By Astrid Cook
It’s been the winter that wasn’t, and unprecedented warm temperatures are affecting local farms—and, in turn, the produce available at local greenmarkets.
Farmers are struggling to keep up with their supply; workers are busy transferring lettuces from greenhouses to outdoors, for example, while fully blossoming orchards are being prepped for an early fruit season.
The result is a boon for greenmarket shoppers accustomed to rooting through root vegetables in March. But this bounty comes at a price.
For one thing, warmer temperatures mean increased risk of insect infestation. Few days this winter were below freezing, meaning many insects survived into spring—a particularly troubling problem for organic farms. “I’ve already seen aphids,” said Healthway Farms farmer Joseph O’Brien as he sold fully grown herbs from his stand at McCarren Park in Greenpoint on a recent Saturday.
His more immediate concern, however, is drought. “The problem we’re seeing is a lack of moisture; everything is way ahead of itself (in the growth cycle), meaning more dryness in the soil.”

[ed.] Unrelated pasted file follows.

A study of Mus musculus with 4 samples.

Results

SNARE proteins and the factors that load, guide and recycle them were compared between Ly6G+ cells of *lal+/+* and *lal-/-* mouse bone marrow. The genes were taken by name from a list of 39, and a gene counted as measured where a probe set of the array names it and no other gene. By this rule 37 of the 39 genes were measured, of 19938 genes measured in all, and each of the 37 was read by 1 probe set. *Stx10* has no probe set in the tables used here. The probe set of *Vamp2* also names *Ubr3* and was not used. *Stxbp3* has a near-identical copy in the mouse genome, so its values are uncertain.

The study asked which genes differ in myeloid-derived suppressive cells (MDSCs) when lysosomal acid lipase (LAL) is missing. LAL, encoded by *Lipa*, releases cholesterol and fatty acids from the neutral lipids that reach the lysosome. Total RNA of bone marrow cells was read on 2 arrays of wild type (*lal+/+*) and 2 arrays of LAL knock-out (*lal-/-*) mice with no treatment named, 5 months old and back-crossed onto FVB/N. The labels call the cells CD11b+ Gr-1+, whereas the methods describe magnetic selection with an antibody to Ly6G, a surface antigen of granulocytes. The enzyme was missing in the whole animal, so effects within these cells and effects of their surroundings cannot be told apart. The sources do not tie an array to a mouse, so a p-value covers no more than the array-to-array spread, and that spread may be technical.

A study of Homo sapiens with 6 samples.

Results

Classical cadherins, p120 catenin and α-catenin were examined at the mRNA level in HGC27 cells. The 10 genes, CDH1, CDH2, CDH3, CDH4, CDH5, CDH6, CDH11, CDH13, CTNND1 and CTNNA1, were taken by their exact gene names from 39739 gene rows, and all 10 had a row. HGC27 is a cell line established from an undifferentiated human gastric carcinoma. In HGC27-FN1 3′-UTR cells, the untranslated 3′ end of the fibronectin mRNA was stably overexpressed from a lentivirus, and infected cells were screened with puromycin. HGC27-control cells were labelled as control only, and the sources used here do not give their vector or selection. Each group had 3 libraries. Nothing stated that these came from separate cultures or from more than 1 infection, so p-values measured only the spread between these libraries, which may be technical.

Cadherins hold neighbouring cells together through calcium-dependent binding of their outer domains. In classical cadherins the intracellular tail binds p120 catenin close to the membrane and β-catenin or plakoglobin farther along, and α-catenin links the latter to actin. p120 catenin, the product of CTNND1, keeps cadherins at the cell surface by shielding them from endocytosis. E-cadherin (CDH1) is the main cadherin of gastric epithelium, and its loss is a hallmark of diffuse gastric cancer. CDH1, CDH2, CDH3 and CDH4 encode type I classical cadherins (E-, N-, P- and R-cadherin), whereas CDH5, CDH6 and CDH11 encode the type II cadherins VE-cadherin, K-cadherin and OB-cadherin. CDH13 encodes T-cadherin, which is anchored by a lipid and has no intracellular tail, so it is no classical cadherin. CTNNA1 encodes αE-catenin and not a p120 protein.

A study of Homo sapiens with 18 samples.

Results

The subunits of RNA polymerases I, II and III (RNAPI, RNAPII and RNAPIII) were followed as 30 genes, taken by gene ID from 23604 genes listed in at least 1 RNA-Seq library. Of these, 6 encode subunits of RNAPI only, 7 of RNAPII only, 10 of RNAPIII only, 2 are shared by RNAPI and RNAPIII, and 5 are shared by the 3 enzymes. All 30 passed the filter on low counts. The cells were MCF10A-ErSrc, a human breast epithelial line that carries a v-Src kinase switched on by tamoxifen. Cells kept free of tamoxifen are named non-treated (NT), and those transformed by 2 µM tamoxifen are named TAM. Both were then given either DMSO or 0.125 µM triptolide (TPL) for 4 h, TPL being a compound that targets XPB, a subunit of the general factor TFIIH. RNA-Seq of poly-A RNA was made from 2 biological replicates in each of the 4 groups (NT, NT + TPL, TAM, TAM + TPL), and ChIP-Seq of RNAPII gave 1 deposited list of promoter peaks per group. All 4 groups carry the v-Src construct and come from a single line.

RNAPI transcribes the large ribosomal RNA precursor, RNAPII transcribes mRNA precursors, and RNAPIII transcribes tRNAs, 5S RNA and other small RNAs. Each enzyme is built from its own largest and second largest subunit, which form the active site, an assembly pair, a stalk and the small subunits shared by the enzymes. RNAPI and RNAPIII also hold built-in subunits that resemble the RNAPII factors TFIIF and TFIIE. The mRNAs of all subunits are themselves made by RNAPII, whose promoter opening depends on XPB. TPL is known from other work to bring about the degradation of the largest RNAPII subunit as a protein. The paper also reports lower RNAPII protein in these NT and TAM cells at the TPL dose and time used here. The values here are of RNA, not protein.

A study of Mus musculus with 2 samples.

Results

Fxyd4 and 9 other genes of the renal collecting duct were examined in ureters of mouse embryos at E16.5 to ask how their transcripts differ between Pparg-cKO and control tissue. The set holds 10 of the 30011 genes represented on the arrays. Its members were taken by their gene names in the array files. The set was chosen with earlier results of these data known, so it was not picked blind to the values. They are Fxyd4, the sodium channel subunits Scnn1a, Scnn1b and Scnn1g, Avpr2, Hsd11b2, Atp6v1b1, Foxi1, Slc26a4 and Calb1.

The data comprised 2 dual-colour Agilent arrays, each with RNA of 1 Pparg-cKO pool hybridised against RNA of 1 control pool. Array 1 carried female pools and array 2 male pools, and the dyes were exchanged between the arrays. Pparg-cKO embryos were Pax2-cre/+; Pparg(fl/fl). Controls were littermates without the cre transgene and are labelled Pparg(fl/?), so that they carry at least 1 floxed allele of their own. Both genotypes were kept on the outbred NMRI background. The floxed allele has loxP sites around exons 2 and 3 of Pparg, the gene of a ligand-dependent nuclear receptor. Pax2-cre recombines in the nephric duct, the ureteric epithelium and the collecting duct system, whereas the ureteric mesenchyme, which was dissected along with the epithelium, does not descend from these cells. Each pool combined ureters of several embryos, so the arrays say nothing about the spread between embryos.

The maple syrup industry has seen yields reduced by as much as 50 percent owing to warm weather. At the Woodhomestead Maple Syrup tent in Union Square Market, Jessica Vanglad noted that the season wrapped up by the first week of March. “Anyone who got a late start didn’t get enough sap,” she said.
Another obvious concern for growers is a late-spring frost. Paula Lutkas, Just Food’s CSA in NYC Program Manager, explains, “Warm weather at this time of year can be seducing to farmers and tempt them to push their spring planting earlier than they usually would. While this can give them a head start if all continues to go this way, it also can be risky.”
What are you seeing at area greenmarkets that seems surprising for this time of year?
Image of cherry blossoms in Peter Cooper Village last week by Flickr user Matt Green. Other images by author Astrid Cook.